Toyota and Harley: Does India have Problems on the Tax and Structural Demand Front?
While the pandemic obviously didn't help, there is also a sense that India is clearly becoming a less attractive market for global companies in its current economic phase, which may take time to structurally repair.
Is the much-touted Indian market of over a billion consumers still as attractive to foreign investors as one had taken for granted earlier? Broader demand for goods and services has been a dampener in India for quite some time now. Overall capacity utilisation in industry has slipped to around 65% as per the Reserve Bank of India (RBI) estimates. And this had happened much before COVID-19 arrived.

Post-COVID-19, of course, capacity utilisation fell dramatically from the existing level. So recovery to pre-COVID-19 levels actually means going back to sub-optimal capacity utilisation of last year. This shows a structural demand crisis which has existed for the last 7-10 years. Clearly, India is not creating enough new demand via fresh incomes from a larger segment of the consuming middle class. This crisis has been explained in detail by economists like Rathin Roy, former member of the Economic Advisory Council to the Prime Minister (PMEAC).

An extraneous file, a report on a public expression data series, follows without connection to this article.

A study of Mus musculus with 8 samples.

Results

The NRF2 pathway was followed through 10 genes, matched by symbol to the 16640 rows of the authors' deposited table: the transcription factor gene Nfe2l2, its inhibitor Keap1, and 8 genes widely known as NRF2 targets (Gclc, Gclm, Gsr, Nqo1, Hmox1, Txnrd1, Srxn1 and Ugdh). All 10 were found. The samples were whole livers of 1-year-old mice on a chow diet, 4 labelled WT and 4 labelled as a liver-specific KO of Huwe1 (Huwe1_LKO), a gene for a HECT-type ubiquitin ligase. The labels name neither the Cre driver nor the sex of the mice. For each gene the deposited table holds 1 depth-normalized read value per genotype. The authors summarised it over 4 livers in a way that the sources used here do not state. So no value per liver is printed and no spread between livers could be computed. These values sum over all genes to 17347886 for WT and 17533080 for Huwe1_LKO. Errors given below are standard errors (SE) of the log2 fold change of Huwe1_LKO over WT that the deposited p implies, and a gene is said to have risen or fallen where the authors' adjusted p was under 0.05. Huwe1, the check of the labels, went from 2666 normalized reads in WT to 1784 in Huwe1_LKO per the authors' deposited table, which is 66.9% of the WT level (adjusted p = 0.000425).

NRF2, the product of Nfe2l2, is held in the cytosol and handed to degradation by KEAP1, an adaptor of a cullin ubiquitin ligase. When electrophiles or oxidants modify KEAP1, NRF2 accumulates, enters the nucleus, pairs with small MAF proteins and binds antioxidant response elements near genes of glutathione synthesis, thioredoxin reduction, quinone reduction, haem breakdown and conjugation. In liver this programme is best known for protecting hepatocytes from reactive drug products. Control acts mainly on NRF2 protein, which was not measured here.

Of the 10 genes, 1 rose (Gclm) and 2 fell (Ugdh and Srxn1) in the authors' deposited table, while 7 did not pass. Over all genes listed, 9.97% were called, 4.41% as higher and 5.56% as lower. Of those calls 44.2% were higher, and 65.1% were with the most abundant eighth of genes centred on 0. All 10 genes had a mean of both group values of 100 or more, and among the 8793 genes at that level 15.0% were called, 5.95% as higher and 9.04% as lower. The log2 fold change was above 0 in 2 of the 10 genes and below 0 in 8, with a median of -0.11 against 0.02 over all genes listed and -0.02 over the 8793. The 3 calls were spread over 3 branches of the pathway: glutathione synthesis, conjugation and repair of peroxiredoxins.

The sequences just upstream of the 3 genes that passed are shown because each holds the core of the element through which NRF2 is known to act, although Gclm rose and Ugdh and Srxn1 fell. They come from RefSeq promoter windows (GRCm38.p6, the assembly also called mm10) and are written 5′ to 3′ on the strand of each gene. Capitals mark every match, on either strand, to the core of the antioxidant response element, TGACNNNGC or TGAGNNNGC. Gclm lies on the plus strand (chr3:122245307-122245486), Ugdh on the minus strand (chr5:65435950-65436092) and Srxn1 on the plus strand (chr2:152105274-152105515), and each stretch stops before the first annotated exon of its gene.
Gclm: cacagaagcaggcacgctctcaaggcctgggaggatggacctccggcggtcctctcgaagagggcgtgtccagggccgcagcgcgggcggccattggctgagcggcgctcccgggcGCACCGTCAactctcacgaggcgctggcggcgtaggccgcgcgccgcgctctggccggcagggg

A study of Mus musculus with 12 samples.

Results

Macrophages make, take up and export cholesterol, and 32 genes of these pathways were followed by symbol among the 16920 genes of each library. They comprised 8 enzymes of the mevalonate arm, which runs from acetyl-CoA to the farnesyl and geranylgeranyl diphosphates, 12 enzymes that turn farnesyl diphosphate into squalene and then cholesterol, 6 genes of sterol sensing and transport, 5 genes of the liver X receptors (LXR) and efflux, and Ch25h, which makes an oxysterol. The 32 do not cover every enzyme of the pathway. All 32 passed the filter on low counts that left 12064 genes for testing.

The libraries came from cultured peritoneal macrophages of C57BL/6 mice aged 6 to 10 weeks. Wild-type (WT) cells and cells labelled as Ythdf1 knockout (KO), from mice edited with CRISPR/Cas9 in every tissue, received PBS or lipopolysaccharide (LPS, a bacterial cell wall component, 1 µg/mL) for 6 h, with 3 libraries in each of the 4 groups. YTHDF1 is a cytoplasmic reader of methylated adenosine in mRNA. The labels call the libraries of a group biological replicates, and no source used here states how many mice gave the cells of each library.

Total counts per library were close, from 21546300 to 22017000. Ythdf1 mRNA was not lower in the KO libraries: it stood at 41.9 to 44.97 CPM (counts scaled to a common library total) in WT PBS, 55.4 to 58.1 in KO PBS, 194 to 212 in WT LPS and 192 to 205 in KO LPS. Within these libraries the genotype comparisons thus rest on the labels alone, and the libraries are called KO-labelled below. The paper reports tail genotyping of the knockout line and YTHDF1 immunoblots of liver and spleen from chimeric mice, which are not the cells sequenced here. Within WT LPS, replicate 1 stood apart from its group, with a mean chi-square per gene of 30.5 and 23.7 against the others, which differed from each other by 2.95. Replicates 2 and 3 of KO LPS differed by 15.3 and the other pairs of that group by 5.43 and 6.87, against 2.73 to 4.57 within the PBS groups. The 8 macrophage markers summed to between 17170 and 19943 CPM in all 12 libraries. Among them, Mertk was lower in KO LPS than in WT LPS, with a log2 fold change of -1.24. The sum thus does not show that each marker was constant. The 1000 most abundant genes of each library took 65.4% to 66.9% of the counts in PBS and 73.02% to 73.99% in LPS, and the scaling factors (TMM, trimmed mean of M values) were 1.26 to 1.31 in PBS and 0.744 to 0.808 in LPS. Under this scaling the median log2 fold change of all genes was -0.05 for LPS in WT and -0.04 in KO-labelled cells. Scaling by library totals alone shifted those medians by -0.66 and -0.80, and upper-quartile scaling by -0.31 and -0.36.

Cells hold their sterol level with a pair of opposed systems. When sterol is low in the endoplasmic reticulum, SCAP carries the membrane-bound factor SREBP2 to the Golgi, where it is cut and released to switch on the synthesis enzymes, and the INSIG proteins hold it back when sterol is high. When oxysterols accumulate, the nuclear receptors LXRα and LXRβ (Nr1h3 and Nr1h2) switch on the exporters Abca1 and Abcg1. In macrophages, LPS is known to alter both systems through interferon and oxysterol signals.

Does this have something to do with foreign companies expressing frustration with the stagnating Indian market, especially in the discretionary segments? Foreign companies have always found it difficult to navigate the Indian market. Most of them lose money in the initial years, hoping that critical volumes would build up later to compensate for initial losses.

Also read: Harley-Davidson Discontinues India Operations, Expects Fresh Restructuring Costs

Two recent statements cast a doubt over the attractiveness of the Indian market to global companies, especially in the luxury segment. Toyota Motor Corporation said it would not want to invest in expansion in India.

A fortnight later, the global leader in the manufacture of luxury bikes, Harley-Davidson, delivered a shock to the Modi government by announcing it was withdrawing from India and closing its manufacturing facility.

BBC News said Harley shutting down is "a blow for Indian Prime Minister Narendra Modi's efforts to lure or retain foreign investments."